Want some irony?
The person at the epicenter of the biggest controversy in MLS expansion draft history is now the managing director of the Houston Dash, which will stock its roster in the first NWSL expansion draft Friday.
Brian Ching was (and still is) a Houston legend, a key figure in the Dynamo’s early MLS success. The Dynamo left him unprotected in the 2011 expansion draft, figuring no one would take him.
Naturally, the Montreal Impact took him. Brian Straus explained:
Houston officials had gambled that Ching’s age (33), salary ($412,500), recent injuries and public preference for retirement over Quebec would scare off Marsch. Instead, the coach called the Dynamo’s bluff and made an instant enemy in Texas. Now, the Dynamo will either have to trade for Ching or let the long-time face of the franchise go.
And it wasn’t the first time this had happened. Here’s Ives Galarcep:
In 2006, Real Salt Lake tried a similar move by leaving then-captain Jason Kreis exposed in Toronto FC’s expansion draft, never thinking that the Canadian club would be interested in a 33-year-old American striker on a relatively high salary. Toronto FC wasn’t interested in Kreis, but was fully aware that Real Salt Lake had made Kreis their poster boy heading into the 2007 season. TFC selected Kreis and ultimately forced RSL to pay a $125K allocation to give him back.
So Kreis made it back to RSL, where he went on to be their coach for several good years. And Ching made it back to Houston — for a surprisingly low price of one draft pick. Ching finished out his playing career in Houston, and now he’s the one who gets to turn the thumb screws in the expansion draft.
When you look at the protected/unprotected list that someone curiously leaked in the middle of the night, you’ll see some surprising names. Nicole Barnhart. Karina LeBlanc. Becky Edwards. Tiffany Weimer. Ashlyn Harris. Lori Lindsey. Sarah Huffman.
A couple of those players are goalkeepers, and they’re less likely to be taken now that we know Houston has Erin McLeod.
Some other players are simply value decisions — maybe Player X has more long-term potential than Player Y. Or maybe losing Player Y would give the team more flexibility under the salary cap.
Some of these players are gambles, like Ching and Kreis. The teams figure Houston will shy away, not wanting to use a lot of salary-cap space or not wanting to bring an angry player to camp.
But look at this from Houston’s perspective. Suppose you really want, say, a player on Western New York’s protected list like Samantha Kerr or Kat Reynolds. Maybe you pick Sarah Huffman and say, “OK, Flash — we’ll give you Huffman for Kerr.” Maybe toss in a draft pick to make sure it happens.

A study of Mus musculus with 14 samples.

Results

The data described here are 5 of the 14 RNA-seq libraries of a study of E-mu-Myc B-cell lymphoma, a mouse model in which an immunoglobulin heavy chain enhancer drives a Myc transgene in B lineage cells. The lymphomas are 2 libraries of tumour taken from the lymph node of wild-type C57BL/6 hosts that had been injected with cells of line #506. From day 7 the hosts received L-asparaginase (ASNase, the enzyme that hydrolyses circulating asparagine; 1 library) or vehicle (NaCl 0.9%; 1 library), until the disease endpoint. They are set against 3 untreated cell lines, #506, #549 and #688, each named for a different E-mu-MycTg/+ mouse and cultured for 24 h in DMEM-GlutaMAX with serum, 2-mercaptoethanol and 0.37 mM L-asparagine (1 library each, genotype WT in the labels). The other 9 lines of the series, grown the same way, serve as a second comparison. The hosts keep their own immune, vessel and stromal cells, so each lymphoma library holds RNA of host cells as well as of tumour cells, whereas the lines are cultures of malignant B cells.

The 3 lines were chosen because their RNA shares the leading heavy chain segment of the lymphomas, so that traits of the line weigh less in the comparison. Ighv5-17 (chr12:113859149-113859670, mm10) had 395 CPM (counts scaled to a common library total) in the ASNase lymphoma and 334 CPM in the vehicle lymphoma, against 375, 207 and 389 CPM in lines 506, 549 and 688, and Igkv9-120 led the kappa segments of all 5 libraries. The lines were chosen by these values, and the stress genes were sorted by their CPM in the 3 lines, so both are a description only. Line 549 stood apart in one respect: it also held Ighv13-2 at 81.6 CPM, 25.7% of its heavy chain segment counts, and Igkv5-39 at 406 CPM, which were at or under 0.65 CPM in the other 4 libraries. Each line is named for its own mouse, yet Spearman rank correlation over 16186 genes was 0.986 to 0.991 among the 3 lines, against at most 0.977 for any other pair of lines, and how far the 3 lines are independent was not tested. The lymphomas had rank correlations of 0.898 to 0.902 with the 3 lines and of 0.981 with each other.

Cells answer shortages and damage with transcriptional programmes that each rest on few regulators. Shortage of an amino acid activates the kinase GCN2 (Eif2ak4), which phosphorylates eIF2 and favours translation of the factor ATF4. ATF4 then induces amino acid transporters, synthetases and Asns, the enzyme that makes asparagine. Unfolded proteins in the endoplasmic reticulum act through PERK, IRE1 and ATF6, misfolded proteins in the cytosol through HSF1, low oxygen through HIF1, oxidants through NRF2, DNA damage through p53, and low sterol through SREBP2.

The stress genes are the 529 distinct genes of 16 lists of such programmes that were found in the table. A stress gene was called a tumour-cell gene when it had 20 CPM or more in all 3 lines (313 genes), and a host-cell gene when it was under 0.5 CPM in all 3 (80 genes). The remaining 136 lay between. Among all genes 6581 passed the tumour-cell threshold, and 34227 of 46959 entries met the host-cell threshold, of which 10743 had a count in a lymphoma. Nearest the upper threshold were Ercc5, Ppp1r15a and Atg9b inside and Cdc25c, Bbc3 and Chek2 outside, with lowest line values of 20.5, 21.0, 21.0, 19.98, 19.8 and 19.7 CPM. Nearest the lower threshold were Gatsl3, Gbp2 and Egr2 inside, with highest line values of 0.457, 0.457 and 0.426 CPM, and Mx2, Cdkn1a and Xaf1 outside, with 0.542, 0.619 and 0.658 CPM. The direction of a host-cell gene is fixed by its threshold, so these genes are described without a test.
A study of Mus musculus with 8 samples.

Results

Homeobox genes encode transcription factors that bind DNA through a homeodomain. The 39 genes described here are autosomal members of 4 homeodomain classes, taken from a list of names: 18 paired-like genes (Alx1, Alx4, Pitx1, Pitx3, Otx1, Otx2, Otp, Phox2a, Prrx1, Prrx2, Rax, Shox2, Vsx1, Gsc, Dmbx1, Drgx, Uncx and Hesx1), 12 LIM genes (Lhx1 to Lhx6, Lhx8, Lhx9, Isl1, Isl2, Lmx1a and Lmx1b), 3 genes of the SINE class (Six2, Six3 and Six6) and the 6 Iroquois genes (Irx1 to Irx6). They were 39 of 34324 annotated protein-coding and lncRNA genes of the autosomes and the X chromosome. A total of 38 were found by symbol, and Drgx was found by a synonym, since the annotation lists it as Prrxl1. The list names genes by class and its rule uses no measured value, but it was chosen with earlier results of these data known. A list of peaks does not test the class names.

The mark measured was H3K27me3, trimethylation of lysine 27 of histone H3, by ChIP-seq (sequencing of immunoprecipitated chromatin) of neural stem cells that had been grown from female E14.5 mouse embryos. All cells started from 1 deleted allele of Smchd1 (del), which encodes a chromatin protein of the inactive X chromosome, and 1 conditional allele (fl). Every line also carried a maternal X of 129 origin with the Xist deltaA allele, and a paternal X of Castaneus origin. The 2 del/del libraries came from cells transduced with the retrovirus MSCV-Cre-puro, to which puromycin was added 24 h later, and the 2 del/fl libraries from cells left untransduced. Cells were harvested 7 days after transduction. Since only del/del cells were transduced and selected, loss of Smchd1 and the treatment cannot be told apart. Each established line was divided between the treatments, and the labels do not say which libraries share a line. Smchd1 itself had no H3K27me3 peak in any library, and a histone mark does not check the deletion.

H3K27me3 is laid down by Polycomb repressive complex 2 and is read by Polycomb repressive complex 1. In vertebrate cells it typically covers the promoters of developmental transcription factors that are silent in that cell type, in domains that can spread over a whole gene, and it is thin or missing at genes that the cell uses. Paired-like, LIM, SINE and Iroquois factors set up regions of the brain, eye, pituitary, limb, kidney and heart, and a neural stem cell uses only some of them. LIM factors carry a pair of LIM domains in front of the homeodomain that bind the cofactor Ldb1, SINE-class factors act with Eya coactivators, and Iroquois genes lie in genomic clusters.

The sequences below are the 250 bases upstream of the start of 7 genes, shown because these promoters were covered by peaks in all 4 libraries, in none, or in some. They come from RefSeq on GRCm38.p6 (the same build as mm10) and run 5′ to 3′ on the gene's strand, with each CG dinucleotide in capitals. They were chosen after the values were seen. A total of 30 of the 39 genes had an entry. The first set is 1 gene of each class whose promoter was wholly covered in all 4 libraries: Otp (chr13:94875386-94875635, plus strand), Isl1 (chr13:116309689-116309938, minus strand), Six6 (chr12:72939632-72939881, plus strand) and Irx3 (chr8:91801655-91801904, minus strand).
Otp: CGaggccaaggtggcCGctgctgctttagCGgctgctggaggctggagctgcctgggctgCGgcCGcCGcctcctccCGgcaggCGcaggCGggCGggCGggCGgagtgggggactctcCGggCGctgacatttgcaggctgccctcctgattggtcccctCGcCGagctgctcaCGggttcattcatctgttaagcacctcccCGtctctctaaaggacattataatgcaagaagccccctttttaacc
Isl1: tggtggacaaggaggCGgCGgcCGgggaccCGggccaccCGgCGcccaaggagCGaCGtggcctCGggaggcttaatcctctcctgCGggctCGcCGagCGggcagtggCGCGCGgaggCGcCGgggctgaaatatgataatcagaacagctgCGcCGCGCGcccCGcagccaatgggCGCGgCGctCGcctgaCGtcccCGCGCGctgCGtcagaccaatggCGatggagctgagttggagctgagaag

For that and for several other reasons, don’t expect the dealing to stop on draft day. In 2010, the Portland Timbers (sibling team of the NWSL’s Thorns) drafted 10 players in the expansion draft. A couple of their picks weren’t playing in the league; the Timbers merely stashed their rights. Others were immediately traded elsewhere.
So you’ll all forgive me if I don’t do a mock expansion draft. Too many moving parts. And unlike MLS players, NWSL players don’t even have their salaries released to the public.
A couple of side notes:
– Did some teams know about the McLeod deal while other teams did not? That would explain why Barnhart, Harris, LeBlanc and company are floating around. Why not just announce it ahead of time so the teams have all the same information before submitting their lists a few days ago?
– Can we drop the myth that the Spirit is trying to stock its roster cheaply? They overspent on some players last year, and they saved up money early to acquire Toni Pressley and Conny Pohlers. You can say they managed their cap space badly, but they weren’t fielding an Atlanta Beat team against the rest of the league’s magicJack.
– Another precedent for the NWSL: A lot of indoor soccer players in the 2000s were picked in expansion drafts but immediately traded back to their original teams for draft picks and whatnot. One factor: Some players had second jobs. And a low-budget league doesn’t want to pay to relocate families.
– So does Houston take Tasha Kai and deal her to Portland in hopes that she’ll want to reunite with Paul Riley? Boom bam, everybody.